A lot of people my age reject organized religion, and will talk about it freely. They have a variety of reasons for their beliefs, or lack thereof: "I'm atheist," "I put my faith in science," "Organized religion only screwed me up," "I'm spiritual, not religious," etc cetera.
For some, religion clings, and they're wrestling with where prayers and ritual fit into their day-to-day schedule, love lives, work, and whatever TV shows are on their DVRs. What starts as a comfort in childhood becomes an antiquated hindrance for a lot of adults, and though it seems like a crisis that is fairly common for people in their late 20s and early 30s, it's definitely a modern crisis. My parents didn't question their religion as they were starting a family in the 70s. They stayed Methodist, and they raised my sister and I Methodist as well.
There's no ignoring that organized religion exists in the world of the small people that you will create and raise, so here's my question- how are these parents of the 21st century going to raise their children to think about religion?
Even if you don't think a child (or an adult) needs the moral lessons and comfort of an organized religion, how much of your personality was formed as a result of questioning and rejecting your religion? This isn't a debate about whether or not religion is necessary in a child's life, but rather, what if the best thing to come from being raised in a religious home is the scrappy critical thinking skills that come from deciding that you're not religious?
I wonder how interesting I'd be if I never had to take in a prescribed worldview, evaluate it, and then decide what parts of it were for me. How do I know what parts of that a moral map my children don't need, just because I shed some of them off?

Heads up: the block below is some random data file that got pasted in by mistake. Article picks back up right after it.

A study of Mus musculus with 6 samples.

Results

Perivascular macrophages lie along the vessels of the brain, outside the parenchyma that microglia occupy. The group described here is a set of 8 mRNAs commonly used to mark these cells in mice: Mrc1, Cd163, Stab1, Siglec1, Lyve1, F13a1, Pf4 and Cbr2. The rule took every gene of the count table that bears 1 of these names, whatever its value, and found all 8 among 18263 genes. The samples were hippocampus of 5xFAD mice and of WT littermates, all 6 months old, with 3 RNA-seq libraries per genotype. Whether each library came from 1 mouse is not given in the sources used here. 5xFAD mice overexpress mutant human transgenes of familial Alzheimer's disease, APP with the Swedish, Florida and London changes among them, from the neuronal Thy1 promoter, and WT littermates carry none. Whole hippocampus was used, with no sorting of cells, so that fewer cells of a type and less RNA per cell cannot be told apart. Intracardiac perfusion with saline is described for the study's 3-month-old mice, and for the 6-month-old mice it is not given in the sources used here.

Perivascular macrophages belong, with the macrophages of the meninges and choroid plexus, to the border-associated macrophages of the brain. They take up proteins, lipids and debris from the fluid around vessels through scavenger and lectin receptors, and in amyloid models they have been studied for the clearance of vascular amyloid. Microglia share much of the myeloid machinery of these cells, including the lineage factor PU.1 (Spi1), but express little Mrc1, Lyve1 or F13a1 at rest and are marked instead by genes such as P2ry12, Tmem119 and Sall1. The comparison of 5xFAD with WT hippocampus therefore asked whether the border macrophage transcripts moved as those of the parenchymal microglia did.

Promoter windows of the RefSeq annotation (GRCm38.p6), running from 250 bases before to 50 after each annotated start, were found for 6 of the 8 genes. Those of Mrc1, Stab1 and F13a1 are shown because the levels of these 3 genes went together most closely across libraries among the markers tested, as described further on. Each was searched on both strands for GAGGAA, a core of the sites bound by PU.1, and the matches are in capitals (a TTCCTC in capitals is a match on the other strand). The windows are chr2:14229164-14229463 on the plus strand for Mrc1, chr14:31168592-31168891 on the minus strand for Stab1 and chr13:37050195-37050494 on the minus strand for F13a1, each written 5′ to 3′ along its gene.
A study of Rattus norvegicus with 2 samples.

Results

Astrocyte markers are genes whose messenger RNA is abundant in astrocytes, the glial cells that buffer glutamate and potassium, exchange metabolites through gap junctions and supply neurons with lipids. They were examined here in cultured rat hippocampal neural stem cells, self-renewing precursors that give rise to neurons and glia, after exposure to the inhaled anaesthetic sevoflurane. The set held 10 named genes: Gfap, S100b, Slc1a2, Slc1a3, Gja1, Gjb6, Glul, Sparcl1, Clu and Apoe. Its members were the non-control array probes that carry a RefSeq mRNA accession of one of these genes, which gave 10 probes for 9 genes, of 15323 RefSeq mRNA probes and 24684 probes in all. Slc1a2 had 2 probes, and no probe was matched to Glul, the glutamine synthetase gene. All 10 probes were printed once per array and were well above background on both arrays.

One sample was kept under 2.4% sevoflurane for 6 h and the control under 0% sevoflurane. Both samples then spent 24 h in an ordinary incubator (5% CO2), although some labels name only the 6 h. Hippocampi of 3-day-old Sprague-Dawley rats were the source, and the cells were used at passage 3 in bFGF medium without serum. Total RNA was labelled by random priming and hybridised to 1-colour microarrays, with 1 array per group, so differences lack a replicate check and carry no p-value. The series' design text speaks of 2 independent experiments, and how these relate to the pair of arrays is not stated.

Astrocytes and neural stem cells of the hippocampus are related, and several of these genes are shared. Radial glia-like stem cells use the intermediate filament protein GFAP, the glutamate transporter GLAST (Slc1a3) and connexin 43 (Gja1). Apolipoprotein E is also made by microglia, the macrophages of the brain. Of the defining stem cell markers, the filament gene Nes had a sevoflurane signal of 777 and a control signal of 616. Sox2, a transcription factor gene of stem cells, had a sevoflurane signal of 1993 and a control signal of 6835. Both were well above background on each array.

Please understand, I'm not offering a solution, or making a judgment. This is just something I think about quite a bit, because my husband was raised Muslim, and though we are childless so far, I can feel the specter of religious expectation looming over my womb, from both sides.
We've half-heartedly discussed raising our kids to know about both religions, a conversation which always ends with "….and I guess we'll let them decide?", which seems nebulous, and like a lot of pressure to put on a kid. (Remember "Are You There God, It's Me, Margaret"?)
I secretly wonder if this will lead to children who are indifferent to religion, or foster a generation kids who, deprived of a default faith, turn out uber-religious or uber-secular. My coworker and her husband, raised Catholic and Muslim, worked to educate their child on multiple faithss, hoping that they were raising an educated agnostic, and were shocked to find their daughter reaching for the hijab as a preteen. It's possible that no matter how much religion you give them, what your kids will really want to do is rebel.